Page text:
06 Aug 2015

For NFL Training Camps There’s More Going on Than Watching Practice from Aluminum Bleachers


Aluminum bleachers at football stadium

It’s summer time. It’s hot. For many it’s time for the beach. But for more and more die-hard football fans, it’s time to trek to the aluminum bleachers at training camp for their favorite NFL team.

Attendance at NFL training camps across the country is growing.  To accommodate that off-season interest from fans, teams are doing more than just providing a place to sit.

For one, the teams are enhancing their training camp facilities for the fans. They are adding more bleachers and many are moving closer to their home stadiums rather than the old tradition of practicing far away.

Teams are also adding more variety for the fans who visit. That includes providing free inflatable slides, photo booths, football toss challenges and other rides and activities.

Participating in all those activities making you hungry? The teams have that covered as well. At training camps, you now will see a line-up of food trucks and snack stands to fill the bellies of all those youngsters who quickly get bored sitting in the stands. I mean, how many times can you watch a quarterback throw a down and out to the same tight end over and over?

And yes, it can get sweaty sitting in those aluminum bleachers. That’s why teams will provide water coolers and misting stations to cool off.

Who pays for all this? You think the teams do? Well, we’re sure they pay plenty. But they also get support from training camp sponsors, some of them as big as Microsoft or Jet Blue.

A chance to get out of the aluminum bleachers to meet the players

But we all know one of the real reasons the fans will schlep all the way out to watch a practice has nothing to do with practice. It’s what happens after practice, when they hope and pray they can get an autograph from their favorite player.

The NFL knows autographs are a big business. That’s why many of the teams limit the autograph area to kids 12 and under (so then only little Johnny can sell his Eli Manning-signed jersey for $1000 and sock it away for his first car).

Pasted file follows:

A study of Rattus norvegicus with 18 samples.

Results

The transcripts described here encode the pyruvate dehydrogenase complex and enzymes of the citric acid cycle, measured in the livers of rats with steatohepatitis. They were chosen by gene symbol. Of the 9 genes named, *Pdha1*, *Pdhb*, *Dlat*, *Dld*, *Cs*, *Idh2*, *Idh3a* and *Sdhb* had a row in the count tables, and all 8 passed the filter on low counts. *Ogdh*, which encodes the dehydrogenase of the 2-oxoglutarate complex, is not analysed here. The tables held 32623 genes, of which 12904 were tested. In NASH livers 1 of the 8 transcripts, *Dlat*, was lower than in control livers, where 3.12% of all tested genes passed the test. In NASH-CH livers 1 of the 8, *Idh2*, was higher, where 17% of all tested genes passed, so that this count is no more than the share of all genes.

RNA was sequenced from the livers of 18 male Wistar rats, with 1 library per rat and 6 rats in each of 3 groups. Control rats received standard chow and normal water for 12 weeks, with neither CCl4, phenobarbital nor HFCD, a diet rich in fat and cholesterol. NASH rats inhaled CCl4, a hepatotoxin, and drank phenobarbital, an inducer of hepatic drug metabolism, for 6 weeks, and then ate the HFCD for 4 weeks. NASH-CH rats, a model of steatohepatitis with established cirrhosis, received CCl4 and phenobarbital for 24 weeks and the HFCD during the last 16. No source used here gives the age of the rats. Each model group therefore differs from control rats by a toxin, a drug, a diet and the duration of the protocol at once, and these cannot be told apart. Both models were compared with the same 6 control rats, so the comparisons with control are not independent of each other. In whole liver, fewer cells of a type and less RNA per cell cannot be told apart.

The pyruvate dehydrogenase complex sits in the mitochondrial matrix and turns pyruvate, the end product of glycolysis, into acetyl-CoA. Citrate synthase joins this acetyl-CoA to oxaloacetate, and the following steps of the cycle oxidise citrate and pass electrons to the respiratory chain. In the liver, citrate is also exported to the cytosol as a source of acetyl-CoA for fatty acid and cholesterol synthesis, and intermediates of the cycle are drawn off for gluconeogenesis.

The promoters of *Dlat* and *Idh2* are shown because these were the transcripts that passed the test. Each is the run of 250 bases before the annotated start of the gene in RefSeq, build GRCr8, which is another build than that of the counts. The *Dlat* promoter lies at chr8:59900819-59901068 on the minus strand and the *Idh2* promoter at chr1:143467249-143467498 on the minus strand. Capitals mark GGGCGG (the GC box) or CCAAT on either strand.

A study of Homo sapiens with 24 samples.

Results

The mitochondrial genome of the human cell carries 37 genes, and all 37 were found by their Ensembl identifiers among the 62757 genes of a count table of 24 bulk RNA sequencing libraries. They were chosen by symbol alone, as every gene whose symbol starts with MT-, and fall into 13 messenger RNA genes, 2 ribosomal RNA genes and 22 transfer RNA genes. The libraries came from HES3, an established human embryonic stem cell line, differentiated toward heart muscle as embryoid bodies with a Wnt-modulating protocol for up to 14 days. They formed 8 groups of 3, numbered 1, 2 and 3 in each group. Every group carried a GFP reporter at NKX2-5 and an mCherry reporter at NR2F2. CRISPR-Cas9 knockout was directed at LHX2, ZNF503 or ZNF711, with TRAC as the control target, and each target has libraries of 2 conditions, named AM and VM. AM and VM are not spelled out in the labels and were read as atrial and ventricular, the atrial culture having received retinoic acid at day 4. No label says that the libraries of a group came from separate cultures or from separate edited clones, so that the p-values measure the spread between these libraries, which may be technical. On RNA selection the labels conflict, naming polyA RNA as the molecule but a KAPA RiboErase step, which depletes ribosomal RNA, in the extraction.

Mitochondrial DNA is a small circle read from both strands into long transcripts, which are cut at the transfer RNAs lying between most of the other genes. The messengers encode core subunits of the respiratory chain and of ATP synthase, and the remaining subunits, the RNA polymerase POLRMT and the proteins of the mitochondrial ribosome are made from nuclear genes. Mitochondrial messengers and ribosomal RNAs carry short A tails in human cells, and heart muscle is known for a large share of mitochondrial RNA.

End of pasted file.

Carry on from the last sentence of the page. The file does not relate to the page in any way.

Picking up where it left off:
To keep the sessions organized with enough players available and not frustrate the fans or overwork the stars, many teams have different groups sign autographs on different days. For example, one day it might be the offensive backfield, another day the defensive front line.

In addition, because the demand for autographs is so high and players could probably sign collectibles for 24 hours straight and still have a line in front of them, many teams will ask retired players to come back and visit with the fans as well.

The great thing about going to an NFL training camp is that unlike the hosing you experience when you attend a regular season game, these events are free. Sometimes fans are required to order tickets in advance. But still, it’s a great opportunity to see your favorite players up front at zero cost.

NFL marketing executives across the country realize the value of providing these extras for fans. This goodwill often translates into more season-ticket holders later and increased sales of team merchandise.

As you can see, there’s quite a bit going on at NFL training camps in addition to watching the teams on the field from the aluminum bleachers. It’s nice to see organizations that are this generous to their customers.

Read about how there’s more to just sitting in the aluminum bleachers at the Giants and Jets training camps.